Obama campaigns in Cincinnati
UPDATED 4 p.m.
Check out the PHOTO GALLERY here
Howard Wilkinson reports:
Cincinnati's only Democratic "super-delegate," Cincinnati Mayor Mark Mallory, ended months of courting by both Barack Obama and Hillary Clinton, by endorsing the Illinois senator just before he came on stage for a rally at the Fifth Third Center.
"I have decided to give my endorsement to Barack Obama,'' Mallory said, calling Obama out on to the stage where nearly 13,000 supporters created a deafening roar.
Mallory and Obama hugged on stage as the crowd stamped, hollered, and cheered, with flashbulbs popping all over. Read Mallory's statement here
Obama, as he began his speech, said he had "some business to take care of."
"Each and every one of you can go down to the Hamilton County Board of Elections - that's 824 Broadway - and vote right now,'' Obama said.
The campaign had buses parked outside Fifth-Third Arena to take people to the board of elections to take advantage of Ohio's early voting system. (The Board is open until 8 p.m. each night this week.)
Obama had a message for Hillary Clinton that he delivered in front of about 13,000 wildly enthusiastic supporters who filled UC's Fifth-Third Arena to the rafters Monday afternoon - don't discount the power of hope.
"Some people think that things can't change; they want you to be cynical," ' the 46-year-old senator said to a crowd that was heavy on college students, but included thousands of Cincinnati supporters of all ages.
"Sen. Clinton and others say, 'that Obama, he's so naive," Obama saidspeaking on a stage on the northeast corner of the basketball arena. "But hope is not blind optimism. Hope is looking at things clear-eyed and saying that, despite the hardship, I am going to try to get things done."
Obama sounded like anything but a candidate who is still trailing in the poll, one week before Ohio's Democratic presidential primary.
He did not light into Clinton or call her out for her campaign criticisms of him, as she did Saturday in Cincinnati, when she angrily denounced Obama mail pieces she said were distorting her positions.
Obama is in the middle of a three-day bus tour of Ohio that will end with Tuesday night's MSNBC debate in Cleveland.
Obama, who leads in the delegate count, sounded at times like a candidate who is close to nailing down the nomination, telling the crowd he plans to run a vigorous campaign against Republican nominee John MCCain.
"Some say the Republicans are going to be tough on Obama,'' the Illinois Democrat said. "Well, I'm going to be just as tough on them."
McCain, Obama said, is somebody "I admire - I revere - for his service to the country," but said he represents "continuing tax cuts for the rich and a war that could last for 100 years."
UPDATED, 1:30 p.m.
Howard Wilkinson reports:
Barack Obama started off his campaign swing through Cincinnati Monday with a roundtable discussion of retirement issues, in which he vowed he would fight to preserve Social Security, protect pensions and give workers more opportunities to save for retirement.
Social Security and private pensions "are a promise that we must keep for American families,'' said Obama, who started the roundtable discussion with five Cincinnati women shortly before 1 p.m. "Washington is not keeping that promise."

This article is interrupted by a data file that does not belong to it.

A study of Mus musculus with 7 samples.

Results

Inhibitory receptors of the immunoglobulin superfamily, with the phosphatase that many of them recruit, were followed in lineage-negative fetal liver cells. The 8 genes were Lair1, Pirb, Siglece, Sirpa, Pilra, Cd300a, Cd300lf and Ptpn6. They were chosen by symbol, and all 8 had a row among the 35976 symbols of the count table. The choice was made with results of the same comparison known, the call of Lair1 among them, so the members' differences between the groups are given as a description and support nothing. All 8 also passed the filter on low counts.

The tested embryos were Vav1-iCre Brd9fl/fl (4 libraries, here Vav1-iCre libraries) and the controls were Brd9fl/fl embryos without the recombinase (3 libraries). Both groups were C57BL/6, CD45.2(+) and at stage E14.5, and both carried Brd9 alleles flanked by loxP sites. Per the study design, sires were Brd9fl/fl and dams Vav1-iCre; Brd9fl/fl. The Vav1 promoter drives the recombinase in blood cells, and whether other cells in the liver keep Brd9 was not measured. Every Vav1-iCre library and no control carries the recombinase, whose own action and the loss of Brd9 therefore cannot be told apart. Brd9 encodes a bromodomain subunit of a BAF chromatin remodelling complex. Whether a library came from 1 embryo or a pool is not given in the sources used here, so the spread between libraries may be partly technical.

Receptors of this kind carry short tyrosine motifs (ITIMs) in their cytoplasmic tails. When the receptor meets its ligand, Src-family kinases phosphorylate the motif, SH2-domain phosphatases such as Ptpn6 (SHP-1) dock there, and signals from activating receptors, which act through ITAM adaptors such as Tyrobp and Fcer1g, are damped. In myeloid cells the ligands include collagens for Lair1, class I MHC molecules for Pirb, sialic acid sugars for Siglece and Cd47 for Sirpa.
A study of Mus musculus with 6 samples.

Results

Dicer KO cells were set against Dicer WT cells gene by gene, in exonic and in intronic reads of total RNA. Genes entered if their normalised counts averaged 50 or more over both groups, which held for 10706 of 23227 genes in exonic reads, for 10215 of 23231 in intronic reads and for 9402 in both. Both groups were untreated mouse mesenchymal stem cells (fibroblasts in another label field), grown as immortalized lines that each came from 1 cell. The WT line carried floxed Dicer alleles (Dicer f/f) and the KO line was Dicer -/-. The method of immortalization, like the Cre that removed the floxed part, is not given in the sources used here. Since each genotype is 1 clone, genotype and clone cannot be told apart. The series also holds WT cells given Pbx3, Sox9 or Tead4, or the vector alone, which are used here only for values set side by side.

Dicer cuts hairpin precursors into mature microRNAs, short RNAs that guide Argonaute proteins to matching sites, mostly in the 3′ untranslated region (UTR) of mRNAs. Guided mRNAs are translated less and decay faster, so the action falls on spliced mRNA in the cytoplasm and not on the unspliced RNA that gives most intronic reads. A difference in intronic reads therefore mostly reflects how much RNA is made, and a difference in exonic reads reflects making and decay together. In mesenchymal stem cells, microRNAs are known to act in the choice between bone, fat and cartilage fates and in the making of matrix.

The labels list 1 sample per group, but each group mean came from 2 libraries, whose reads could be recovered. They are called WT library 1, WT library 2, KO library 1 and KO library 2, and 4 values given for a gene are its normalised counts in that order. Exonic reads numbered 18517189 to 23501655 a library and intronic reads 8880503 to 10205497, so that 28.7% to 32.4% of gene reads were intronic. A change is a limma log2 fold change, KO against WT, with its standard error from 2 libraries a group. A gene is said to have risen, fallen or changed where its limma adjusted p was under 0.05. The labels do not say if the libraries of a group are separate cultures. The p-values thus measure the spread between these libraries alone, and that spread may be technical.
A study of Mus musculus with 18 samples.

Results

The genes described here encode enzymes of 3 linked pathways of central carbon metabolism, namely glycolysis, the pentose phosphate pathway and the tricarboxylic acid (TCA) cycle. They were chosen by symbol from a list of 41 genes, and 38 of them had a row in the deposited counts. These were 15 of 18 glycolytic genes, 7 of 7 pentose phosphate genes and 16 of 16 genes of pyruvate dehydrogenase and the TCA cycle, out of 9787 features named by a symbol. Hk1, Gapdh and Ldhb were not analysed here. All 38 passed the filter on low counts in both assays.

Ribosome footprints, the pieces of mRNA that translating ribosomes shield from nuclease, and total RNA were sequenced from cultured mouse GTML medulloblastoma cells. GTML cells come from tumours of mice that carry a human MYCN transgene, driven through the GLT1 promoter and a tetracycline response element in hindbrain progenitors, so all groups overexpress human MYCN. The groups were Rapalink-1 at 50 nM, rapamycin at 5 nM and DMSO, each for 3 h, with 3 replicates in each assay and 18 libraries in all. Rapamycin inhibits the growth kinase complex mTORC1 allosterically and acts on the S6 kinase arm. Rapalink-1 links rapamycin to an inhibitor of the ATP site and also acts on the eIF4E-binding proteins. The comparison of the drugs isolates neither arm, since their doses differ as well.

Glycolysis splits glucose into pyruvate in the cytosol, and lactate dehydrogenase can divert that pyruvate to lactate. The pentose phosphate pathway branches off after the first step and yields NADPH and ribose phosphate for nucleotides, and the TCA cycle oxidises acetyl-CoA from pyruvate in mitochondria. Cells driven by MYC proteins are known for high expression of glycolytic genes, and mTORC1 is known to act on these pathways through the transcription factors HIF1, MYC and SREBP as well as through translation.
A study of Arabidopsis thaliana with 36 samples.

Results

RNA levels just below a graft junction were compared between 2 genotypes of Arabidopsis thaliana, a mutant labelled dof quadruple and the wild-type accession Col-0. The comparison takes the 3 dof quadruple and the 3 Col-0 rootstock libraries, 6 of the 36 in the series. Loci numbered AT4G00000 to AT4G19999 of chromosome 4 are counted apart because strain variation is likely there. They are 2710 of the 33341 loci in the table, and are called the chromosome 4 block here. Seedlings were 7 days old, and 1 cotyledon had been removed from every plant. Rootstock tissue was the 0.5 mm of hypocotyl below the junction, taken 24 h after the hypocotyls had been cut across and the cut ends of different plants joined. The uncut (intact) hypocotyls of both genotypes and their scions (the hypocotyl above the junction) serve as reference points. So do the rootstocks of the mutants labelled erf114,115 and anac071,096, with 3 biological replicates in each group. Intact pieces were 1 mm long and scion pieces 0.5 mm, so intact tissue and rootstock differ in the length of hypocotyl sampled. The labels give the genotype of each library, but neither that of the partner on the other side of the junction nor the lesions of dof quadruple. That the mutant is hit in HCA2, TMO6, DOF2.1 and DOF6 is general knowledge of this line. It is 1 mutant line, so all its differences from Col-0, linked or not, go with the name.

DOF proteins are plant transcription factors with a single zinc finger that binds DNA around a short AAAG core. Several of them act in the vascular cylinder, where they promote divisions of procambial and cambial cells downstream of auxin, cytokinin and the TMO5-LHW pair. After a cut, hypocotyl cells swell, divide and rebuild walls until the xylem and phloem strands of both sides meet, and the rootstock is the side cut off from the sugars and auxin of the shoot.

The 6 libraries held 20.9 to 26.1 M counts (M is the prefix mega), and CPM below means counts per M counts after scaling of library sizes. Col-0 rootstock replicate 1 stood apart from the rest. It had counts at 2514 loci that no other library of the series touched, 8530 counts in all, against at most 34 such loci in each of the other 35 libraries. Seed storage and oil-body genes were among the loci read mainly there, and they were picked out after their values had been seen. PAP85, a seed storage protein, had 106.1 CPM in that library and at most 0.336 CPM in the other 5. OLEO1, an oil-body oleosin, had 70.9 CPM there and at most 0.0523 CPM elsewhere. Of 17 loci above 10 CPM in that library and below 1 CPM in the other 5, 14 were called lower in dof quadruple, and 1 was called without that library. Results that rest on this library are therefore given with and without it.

In remarks before he began talking to the five women - all of them selected by the Obama campaign for the roundtable discussion - he said he would act to save a Social Security system that is facing strains from aging Baby Boom population.
"We don't need to cut benefits or raise taxes to save Social Security,"' Obama said.
Rather, the Illinois senator said, he would adjust the cap on Social Security "so people like me, who are making more than $97,000 a year, are paying more."
Present rules say that Americans pay Social Security taxes on the first $97,000 they earn each year.
He heard from Lenora Anderson, a Cincinnati woman who said she had to leave her job as a Cincinnti Public School teacher to take care of her aged, ailing mother; and from Martha Tepe, a single mother who has put her children through college, but she is now concerned about whether or not her pension from her employer, Delta Airlines, will still be there when she needs it.
Obama told her that bankruptcy laws must be changed to protect pensions.
"We have to change out bankruptcy laws and make it not so easy for companies to dump their pension plans while corporate executives are getting golden parachutes,'' Obama said.
At noon today, in the private dining room at the Museum Center at Union Terminal, five area women were waiting for the arrival of Barack Obama to talk to him about "retirement security."
The roundtable discussion was a late addition to Obama's three-day tour of Ohio, which will bring him to a rally this afternoon that is expected to fill the Fifth Third Arena on the University of Cincinnati campus. Hundreds of people are already waiting in line there.
The roundtable discussion was slated to begin about 12:30 p.m.
The five women who were invited by the Obama campaign to participate in the roundtable were Eleanor Chesser, Colleen Munninghoff, Karen Roettele, Lenora Anderson, and Martha Tepe.
Cincinnati Vice Mayor David Crowley, an Obama supporter, said two of women - Munninghoff and Roettele - are his nieces.
Munninghoff, who lives in Anderson Township, if the wife of a roofer; she had to quit her job to take care of a disabled child, Crowley said.
Roettele, Crowley said, lives near Loveland and was recently widowed.
While Obama is rallying his supporters at UC's Fifth-Third Center, the Rev. Marcia Dyson - an African-American pastor from Washington, D.C. who has campaigned across the country for HIllary Clinton - will be meeting with students at UC's Tangeman Center.